MPLS program tackles housing instability among public school students

University researchers have partnered with the City to gauge program’s impact

Illustrated by Abby Adamski

Abby Adamski

Illustrated by Abby Adamski

by Emma Dill

An initiative aimed at promoting housing stability among Minneapolis Public Schools students entered its first full academic year as classes started this week.

The Stable Homes Stable Schools program assists families with children enrolled at one of 15 Minneapolis schools with paying rent and maintaining stable housing. The program, slated to receive more than $3 million in Mayor Jacob Frey’s recently proposed budget, is partnering with University of Minnesota researchers to measure its impact among students and their families.

Addressing student homelessness and housing instability is necessary to promote achievement in Minneapolis, Frey said.

“We can’t expect our students to learn and succeed in the classroom if they don’t have a room to rest their head at night. That’s what Stable Homes Stable Schools is all about,” Frey said. 

Although the Minneapolis Public Housing Authority and Minneapolis Public Schools have previously discussed student homelessness, they did not have the resources to develop a program, said MPHA Director of Policy and External Affairs Jeff Horwich.

“The City’s primary role is in funding the program, which is no small thing,” Horwich said.

As the initiative progresses, University researchers will collaborate with city and school officials, among others, to gather data and evaluate the program’s effectiveness.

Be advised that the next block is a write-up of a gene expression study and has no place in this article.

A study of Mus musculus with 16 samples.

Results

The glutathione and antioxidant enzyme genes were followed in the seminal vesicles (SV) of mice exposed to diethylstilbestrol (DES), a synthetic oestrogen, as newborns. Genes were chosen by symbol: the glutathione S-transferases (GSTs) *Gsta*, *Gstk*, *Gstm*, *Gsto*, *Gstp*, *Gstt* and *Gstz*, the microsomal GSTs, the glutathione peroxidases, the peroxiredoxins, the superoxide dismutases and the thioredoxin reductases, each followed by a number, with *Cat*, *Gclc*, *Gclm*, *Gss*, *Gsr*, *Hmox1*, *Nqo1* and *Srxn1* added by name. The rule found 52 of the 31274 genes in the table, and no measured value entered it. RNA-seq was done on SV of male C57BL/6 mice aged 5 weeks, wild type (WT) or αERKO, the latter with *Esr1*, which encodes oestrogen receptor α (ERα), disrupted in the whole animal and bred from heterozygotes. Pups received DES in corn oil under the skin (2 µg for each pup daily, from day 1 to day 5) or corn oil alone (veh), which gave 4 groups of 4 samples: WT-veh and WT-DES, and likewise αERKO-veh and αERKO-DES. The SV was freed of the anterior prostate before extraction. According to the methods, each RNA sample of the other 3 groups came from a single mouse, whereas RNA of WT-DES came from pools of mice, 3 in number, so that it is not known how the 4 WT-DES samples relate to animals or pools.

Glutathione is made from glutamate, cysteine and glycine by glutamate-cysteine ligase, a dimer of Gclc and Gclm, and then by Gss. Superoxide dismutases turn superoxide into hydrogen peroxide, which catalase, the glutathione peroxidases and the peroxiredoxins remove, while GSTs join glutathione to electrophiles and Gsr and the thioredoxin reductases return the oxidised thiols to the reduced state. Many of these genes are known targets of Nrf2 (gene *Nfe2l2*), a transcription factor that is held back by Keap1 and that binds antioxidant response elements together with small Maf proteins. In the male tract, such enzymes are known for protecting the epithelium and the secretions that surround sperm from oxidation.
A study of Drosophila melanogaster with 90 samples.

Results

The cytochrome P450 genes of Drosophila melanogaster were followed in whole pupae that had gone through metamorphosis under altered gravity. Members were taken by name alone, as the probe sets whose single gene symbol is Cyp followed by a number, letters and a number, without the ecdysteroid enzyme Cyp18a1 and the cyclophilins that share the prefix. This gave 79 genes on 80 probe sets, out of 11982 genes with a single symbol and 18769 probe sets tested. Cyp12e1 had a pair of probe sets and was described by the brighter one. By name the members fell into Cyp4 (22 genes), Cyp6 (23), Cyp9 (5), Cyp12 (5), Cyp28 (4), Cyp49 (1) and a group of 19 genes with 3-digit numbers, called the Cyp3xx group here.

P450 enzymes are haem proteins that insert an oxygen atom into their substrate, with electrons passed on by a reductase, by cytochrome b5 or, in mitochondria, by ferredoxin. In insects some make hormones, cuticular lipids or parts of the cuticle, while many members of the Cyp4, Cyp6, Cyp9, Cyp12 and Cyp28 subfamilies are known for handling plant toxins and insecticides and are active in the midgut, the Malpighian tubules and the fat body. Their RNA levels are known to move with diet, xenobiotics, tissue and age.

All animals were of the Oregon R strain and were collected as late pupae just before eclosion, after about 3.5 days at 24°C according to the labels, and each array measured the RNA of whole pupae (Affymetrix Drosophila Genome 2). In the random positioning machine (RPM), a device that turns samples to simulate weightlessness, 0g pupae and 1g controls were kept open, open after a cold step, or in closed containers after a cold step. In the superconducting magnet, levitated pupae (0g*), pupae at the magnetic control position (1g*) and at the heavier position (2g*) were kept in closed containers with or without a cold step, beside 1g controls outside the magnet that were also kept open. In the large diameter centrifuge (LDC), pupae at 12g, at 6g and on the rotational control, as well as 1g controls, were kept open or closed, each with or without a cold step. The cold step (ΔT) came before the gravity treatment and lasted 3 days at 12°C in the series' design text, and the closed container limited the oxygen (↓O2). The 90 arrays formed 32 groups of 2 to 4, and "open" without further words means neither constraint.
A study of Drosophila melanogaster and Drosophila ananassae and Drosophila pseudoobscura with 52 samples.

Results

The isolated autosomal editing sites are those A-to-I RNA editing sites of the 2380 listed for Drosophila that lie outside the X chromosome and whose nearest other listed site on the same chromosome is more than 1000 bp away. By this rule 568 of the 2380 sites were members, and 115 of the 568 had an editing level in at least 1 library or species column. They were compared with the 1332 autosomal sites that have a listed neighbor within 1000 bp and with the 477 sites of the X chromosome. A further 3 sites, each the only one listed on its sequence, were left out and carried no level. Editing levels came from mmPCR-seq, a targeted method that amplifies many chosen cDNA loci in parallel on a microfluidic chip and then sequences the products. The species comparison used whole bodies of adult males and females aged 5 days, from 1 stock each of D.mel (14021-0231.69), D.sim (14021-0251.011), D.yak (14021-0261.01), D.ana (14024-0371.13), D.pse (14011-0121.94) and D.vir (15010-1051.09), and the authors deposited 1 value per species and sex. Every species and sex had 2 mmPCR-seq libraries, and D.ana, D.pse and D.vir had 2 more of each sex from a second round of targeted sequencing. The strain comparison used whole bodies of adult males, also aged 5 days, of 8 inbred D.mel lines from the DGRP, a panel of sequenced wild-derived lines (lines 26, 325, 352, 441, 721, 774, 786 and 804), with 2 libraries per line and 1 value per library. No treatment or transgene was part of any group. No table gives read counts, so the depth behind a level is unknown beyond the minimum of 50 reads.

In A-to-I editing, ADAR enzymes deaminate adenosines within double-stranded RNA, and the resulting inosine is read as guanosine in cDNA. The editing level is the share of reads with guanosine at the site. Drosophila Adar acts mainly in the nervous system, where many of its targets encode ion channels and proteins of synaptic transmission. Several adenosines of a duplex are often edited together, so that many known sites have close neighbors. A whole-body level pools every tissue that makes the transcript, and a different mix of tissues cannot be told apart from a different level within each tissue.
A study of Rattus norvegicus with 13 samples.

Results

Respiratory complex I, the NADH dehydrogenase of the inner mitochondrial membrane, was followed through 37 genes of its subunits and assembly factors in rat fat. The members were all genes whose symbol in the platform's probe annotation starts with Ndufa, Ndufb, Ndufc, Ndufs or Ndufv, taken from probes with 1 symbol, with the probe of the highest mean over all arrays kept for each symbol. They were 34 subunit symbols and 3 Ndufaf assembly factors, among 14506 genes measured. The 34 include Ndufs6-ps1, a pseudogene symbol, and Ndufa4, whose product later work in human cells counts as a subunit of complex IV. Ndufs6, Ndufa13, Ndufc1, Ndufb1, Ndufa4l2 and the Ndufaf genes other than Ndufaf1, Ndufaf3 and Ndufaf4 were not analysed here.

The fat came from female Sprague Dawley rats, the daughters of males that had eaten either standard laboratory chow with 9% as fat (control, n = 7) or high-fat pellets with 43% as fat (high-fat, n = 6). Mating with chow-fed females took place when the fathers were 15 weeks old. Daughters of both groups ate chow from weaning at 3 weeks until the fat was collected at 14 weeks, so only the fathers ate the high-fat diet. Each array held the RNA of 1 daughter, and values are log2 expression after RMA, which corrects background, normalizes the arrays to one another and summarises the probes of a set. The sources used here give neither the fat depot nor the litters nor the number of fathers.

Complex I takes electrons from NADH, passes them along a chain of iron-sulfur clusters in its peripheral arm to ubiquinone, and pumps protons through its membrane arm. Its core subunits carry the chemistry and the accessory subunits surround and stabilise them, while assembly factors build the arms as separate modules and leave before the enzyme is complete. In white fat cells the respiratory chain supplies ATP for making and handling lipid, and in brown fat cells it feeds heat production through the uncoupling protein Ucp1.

The City’s partnership with University researchers stems from their work on Homework Starts with Home, a statewide program that aims to promote housing stability among homeless and highly mobile families. 

Ann Masten, a professor at the University’s Institute of Child Development, co-leads an interdisciplinary team of researchers and officials working on the Homework Starts with Home initiative. For Masten, it made sense for researchers to partner with Stable Homes Stable Schools because the two programs investigate similar social problems. 

“They’re interested in such similar questions as we are…it made a lot of sense for us to use similar strategies to help them,” Masten said.

Researchers will use information compiled by Minnesota-Linking Information for Kids, or Minn-LInK, a system based out of the University’s School of Social Work that gathers administrative data from governments, public schools and other entities across Minnesota.

Because Stable Homes Stable Schools is a new program, it will take time to collect the data needed to analyze the program’s success. Even a few years into the initiative, it could be difficult to gauge certain measures of success, Masten said.

“It takes time to really promote resilience in families and kids. However, you can get early indicators,” she said.  “Early signs of change would be improved attendance, improved engagement in school [and] students who are moving from school to school less often.”

Frey said he hopes to use the data and evaluations generated by researchers to develop a “data-oriented and results-driven” program.

As of last week, Stable Homes Stable Schools had enrolled 125 families with 396 children, according to Frey, and he estimates the initiative could eventually enroll more than 600 students.

Frey said he expects the initiative to reach far beyond promoting educational achievement.

“We should be doing everything possible to ensure that students and kids in our city have the opportunity to succeed,” he said. “That opportunity is hamstrung without stable housing.”